Cover Image
close this bookBioconversion of Organic Residues for Rural Communities (UNU, 1979)
close this folderSolid state fermentation of starchy substrates
View the document(introduction...)
View the documentIntroduction
View the documentMaterials and methods
View the documentAgro-economic perspectives
View the documentSummary
View the documentReferences
View the documentDiscussion summary

Agro-economic perspectives

As already pointed out, the two main sources of starch potentially available for protein enrichment are cassava in tropical regions and potatoes in temperate climates. Protein enrichment of cassava is of special interest in those semi-arid regions of Latin America and Africa where climatic conditions are not suitable for the cultivation of soybeans or other protein-rich feeds.

The productivity of cassava per hectare varies widely from one region to another, depending on climatic and agro-technological conditions. From about 16 tons (harvested weight) per hectare in northeastern Brazil, the yield can be easily increased by the use of fertilizers and by improved cultural practice to 40 and even 60 tons per hectare. Other advantages of cassava are low production costs, easy storage in the soil for several months, and the fact that cassava is also an excellent source of calories.

On the basis of a productivity of 40 tons per hectare and 20 per cent protein enrichment via solid state fermentation, cassava or potatoes may provide 2.4 tons of protein per hectare, i.e., the supply required for the feeding of 65 pigs (Table 3). This is about four times the quantity of protein per hectare provided by soybean cultivation in the United States. The crop yield and protein productivity per hectare of other protein sources conventionally utilized for animal feeding are reported in Table 4.

TABLE 3. Agro-Economic Prospects of Cassava Enrichment

A. Productivity of raw material and of protein Cassava Soybeans*
Raw material (tons/ha) 40 1.8**
Moisture content (%) 70 -
Protein (tons/ha) 2.4*** 0.6  

B. Conversion into animal product (pork)****

Alimentary conversion rate (units of feed per unit liveweight gain) 3:1
Protein consumption:  
birth to weaning† 11.3 kg
- weaning to slaughtered†† 25.5 kg
- total††† 36.8 kg

C. Overall agro-economic prospect

(1) Protein productivity per hectare: protein-enriched cassava versus soybeans:

c.a. 4:1

(2) One hectare of cassava can produce, via solid state fermentation, enough protein for feeding:

c.a. 65 pigs

* 34 per cent protein.
** data from U.S. Department of Agriculture.
*** for 20 per cent protein enrichment.
**** From: C.A. Shacklady, in G. de Pontanel (ed.), Proteins from Hydrocarbons, pp. 115 - 128, Academic Press, New York, 1972.

† Birth to weaning: 70 days; + 25 kg; diet with 15 per cent protein.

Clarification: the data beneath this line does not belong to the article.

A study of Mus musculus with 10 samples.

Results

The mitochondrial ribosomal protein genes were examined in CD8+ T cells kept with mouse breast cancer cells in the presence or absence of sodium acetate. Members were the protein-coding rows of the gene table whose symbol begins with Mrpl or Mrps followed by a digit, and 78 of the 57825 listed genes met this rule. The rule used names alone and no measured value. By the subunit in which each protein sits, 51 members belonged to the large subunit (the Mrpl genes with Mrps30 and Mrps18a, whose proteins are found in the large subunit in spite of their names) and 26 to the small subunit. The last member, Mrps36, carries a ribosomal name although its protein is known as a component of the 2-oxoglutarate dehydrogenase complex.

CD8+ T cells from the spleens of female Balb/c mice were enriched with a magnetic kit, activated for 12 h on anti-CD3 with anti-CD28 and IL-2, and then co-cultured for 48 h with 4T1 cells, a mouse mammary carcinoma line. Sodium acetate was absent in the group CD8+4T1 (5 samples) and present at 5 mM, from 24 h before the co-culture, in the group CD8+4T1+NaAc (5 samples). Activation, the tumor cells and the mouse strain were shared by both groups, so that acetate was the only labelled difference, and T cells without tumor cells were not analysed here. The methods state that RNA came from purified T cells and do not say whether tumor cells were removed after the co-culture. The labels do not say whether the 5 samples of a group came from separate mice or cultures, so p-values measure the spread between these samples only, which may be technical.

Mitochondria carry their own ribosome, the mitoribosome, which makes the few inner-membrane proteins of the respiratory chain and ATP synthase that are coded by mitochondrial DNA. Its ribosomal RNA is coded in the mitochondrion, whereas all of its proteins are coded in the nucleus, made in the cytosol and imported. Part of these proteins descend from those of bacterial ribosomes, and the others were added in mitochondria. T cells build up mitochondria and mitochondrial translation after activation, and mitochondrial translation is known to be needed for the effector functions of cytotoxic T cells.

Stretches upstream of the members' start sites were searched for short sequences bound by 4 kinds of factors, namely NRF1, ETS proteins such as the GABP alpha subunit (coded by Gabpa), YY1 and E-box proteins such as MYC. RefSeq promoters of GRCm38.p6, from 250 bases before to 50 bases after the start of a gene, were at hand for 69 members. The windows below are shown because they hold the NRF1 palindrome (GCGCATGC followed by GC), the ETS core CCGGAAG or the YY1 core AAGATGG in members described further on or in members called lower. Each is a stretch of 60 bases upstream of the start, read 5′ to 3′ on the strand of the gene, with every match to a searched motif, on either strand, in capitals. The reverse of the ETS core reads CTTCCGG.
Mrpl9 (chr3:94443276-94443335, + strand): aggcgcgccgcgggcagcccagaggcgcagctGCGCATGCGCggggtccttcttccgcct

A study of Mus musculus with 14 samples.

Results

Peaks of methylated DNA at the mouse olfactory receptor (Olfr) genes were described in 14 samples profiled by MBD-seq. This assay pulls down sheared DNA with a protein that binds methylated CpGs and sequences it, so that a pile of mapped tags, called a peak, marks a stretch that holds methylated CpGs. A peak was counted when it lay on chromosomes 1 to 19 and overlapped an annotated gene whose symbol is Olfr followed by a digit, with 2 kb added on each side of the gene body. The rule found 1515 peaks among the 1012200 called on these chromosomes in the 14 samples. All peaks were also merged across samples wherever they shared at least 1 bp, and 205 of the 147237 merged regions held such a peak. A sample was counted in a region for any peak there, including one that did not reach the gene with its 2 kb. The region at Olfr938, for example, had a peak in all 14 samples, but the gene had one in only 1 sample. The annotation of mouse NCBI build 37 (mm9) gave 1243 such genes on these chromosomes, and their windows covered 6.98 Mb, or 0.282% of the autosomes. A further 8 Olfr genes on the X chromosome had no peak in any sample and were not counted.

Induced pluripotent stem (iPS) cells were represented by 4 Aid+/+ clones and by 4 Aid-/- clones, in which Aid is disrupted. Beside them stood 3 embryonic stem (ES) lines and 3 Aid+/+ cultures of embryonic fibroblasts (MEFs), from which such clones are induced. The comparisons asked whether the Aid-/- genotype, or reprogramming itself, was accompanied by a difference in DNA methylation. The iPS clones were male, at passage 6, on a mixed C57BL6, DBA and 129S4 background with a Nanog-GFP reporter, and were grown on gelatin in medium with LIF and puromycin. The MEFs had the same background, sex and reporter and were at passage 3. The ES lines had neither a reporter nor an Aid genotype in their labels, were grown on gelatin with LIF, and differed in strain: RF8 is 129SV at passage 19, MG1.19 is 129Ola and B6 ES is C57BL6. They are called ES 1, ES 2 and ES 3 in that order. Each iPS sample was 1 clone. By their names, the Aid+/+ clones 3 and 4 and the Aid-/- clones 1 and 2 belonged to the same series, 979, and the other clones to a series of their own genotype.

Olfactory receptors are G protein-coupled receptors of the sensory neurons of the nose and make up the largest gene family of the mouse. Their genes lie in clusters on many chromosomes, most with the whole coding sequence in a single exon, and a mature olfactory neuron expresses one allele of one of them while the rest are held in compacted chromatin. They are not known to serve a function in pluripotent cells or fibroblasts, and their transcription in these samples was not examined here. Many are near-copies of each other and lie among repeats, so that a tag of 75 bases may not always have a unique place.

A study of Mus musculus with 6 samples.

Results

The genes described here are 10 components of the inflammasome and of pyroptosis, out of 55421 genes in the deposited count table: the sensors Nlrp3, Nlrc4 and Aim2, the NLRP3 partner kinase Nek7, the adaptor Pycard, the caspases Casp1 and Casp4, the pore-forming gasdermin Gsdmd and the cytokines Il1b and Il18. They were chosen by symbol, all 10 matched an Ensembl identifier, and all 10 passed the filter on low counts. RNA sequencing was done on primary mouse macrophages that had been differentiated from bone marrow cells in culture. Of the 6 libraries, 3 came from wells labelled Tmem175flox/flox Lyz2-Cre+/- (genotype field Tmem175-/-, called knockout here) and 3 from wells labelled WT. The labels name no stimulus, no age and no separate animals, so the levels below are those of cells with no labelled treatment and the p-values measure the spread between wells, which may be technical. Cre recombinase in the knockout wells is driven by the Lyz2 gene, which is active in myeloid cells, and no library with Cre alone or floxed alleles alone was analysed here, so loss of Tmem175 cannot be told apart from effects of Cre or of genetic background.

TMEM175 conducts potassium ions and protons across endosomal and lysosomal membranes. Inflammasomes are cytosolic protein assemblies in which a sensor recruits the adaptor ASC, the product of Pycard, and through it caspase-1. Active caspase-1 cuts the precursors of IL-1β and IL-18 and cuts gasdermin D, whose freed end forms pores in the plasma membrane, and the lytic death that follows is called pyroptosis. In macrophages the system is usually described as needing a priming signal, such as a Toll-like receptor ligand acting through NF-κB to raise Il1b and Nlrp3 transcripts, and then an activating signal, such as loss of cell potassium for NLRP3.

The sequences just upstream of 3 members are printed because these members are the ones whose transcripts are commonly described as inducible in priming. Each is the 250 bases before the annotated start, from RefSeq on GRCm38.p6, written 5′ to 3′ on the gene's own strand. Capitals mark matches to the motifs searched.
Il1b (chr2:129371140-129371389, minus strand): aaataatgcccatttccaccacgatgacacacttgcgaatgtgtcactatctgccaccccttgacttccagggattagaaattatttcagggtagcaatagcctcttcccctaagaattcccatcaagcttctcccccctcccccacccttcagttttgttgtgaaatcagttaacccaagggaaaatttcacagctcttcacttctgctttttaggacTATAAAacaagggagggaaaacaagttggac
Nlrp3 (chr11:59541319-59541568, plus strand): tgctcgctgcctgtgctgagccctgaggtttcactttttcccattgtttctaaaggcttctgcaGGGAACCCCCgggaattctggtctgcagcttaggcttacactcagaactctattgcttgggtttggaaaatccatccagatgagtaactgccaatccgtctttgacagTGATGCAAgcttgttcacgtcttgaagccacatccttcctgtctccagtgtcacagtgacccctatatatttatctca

†† Weaning to slaughter: 130 days; + 85 kg; diet with 10 per cent protein.

††† Total: 200 days; 110 kg.

TABLE 4. Optimal Productivity of Protein-Rich Feeds

  Total yield





Soybeans 1.8 34 0.6
Rapeseed 3.0 23.3 0.7
Sunflower 2.5 22 0.6
Horse bean 3.2 28 0.9
Peas 3.0 25 0.75
Protein-enriched cassava 12.0* 20 2.4

* 40 tons per hectare of cassava with 70 per cent moisture content.

Based on prices in October 1978 and on the average yields of agricultural products, a comparison can be made of the gross product per hectare of corn, wheat, soybeans, and protein-enriched cassava. The figures in Table 5 strikingly demonstrate the economic advantage of protein enrichment by solid state fermentation. In the case of cassava, the value of the residual sugars (25 per cent dry weight) should increase the gross product figure by about 10 per cent. On the other hand, for a rural community combining the production of raw material with protein enrichment and direct utilization for animal feeding, the actual gross product should be estimated, not from the commercial value of protein, but from the value of the feedstock produced. Moreover, as already pointed out, one of the major agro-economic advantages of proteinenriched cassava is the possibility of feedstock production in regions where no other suitable source of conventional feed protein is available.

It is obvious that the economic competitiveness of protein enrichment by solid state fermentation depends ultimately on the investment and production costs of the process. It would be premature to propose a really accurate estimate in this regard, and information must be obtained from pilot operations at the farm level. However, based on its present state of technological development, and on the data reported in Table 5, the conclusion is that the process will prove valuable.

TABLE 5. Comparison of Productivity and Gross Product per Hectare












Corn 6 82.9 497.4 114
Wheat 5 127.7 638.5 147
Soybeans 1.8 241.8 435.2 100
cassava 12** 485.4*** 1165.0 268

* On 29 September 1978.
** Cassava: 40 tons per hectare, with 70 per cent moisture, dry product containing 20 per cent protein.
*** Estimated from current price (US$213.6, Rotterdam, cif) of soybean meal with 44 per cent protein.